Living here, deep in the fynbos, I realize people don’t know what it means to live off the grid.
I was one who dreamed of helping the planet by living off the land! Such were my romantic notions that my brothers and father expressed concern, thinking me to be quite lunatic fringe. A lot of that concern probably stemmed from the fact that I was then working and living at a Buddhist retreat. Eating vegetarian food and meditating and generally engaging in, to them, rather suspect behaviour.
I am super aware of what chemicals we expose ourselves to, both in the food we eat and the products we use on our biggest living organ – our skin. Well, when I put it that way – maybe I am a wee bit extreme..
I did have visions of being self-sufficient. In my mind’s eye, I saw light shining on the dew covered veggies. Myself picking perfect wholesome food from the garden. Gathering eggs in a dainty basket.
Little did I realize what pitfalls lie in producing organic food..
Like rather cute (but very destructive) striped field mice with tiny cheeks bulging with my tomatoes, scurrying out of sight. Or the devastation I return to when we have been away, even for an hour or so, and the local baboon troupe has decided to harvest. The blights and pests that ravage the garden despite the lavender dutifully planted amongst the herbs and veggies. Diseases immune to wild garlic and calendula that should deter them.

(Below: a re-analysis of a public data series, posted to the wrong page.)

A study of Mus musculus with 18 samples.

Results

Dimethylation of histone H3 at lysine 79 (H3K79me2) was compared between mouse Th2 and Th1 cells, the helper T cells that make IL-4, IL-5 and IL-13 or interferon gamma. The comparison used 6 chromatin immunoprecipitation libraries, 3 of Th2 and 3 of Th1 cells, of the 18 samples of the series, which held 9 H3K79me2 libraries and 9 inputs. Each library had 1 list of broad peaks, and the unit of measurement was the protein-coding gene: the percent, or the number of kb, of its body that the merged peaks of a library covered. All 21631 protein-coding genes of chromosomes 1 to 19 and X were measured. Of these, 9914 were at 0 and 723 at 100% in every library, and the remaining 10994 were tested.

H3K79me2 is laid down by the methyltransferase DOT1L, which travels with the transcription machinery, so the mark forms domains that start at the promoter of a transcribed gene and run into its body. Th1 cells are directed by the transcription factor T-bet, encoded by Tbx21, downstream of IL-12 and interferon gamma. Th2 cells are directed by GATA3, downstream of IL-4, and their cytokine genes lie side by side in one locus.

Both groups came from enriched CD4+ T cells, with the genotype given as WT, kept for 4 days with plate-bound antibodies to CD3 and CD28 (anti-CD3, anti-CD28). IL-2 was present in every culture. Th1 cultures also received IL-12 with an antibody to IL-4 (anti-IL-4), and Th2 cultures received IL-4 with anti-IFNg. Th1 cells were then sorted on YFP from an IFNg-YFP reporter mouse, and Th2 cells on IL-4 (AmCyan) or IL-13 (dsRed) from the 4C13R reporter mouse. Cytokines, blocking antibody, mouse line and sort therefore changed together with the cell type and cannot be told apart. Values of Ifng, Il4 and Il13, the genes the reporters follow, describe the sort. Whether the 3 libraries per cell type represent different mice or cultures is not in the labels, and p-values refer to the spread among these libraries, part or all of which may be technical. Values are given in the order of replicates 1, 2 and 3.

As far as those eggs go ..Who knew there are wild cats, whose main joy in life is to wait until the chickens are locked up – easy prey? That one can wake up to limp bodies sucked dry. Only one sole survivor who is alive, because she refused to be come in and preferred to sleep up the trees?
Now let’s talk power. When Jan and I arrived here at Fynbos Retreat, the only electricity was generated by ..well a generator. A ruddy, great stinky very noisy diesel generator. With a reputation for being able to cause physical harm. Or no, that was the previous one –the vicious Lister which spewed out parts during the starting process leaving at least two people with scars.
We had to start the generator when there were guests. Then occupy ourselves meaningfully until we could decently switch it off again. It meant traipsing out in fair weather and foul with torches, coats and sticks to protect us from what might lie in the dark.
Try doing admin when your beloved has to run the generator just so you can pick up your e-mails! Especially when you not the fastest computer fundi on earth and like to take your time to get things right!
Now we are grand… We have solar power and our nocturnal trips to the shed and the small stand-by petrol generator are few and far between. We live an easier life. It is only when visitors ask for hairdryers or heaters that we remember that we are living off the grid. Living the dream.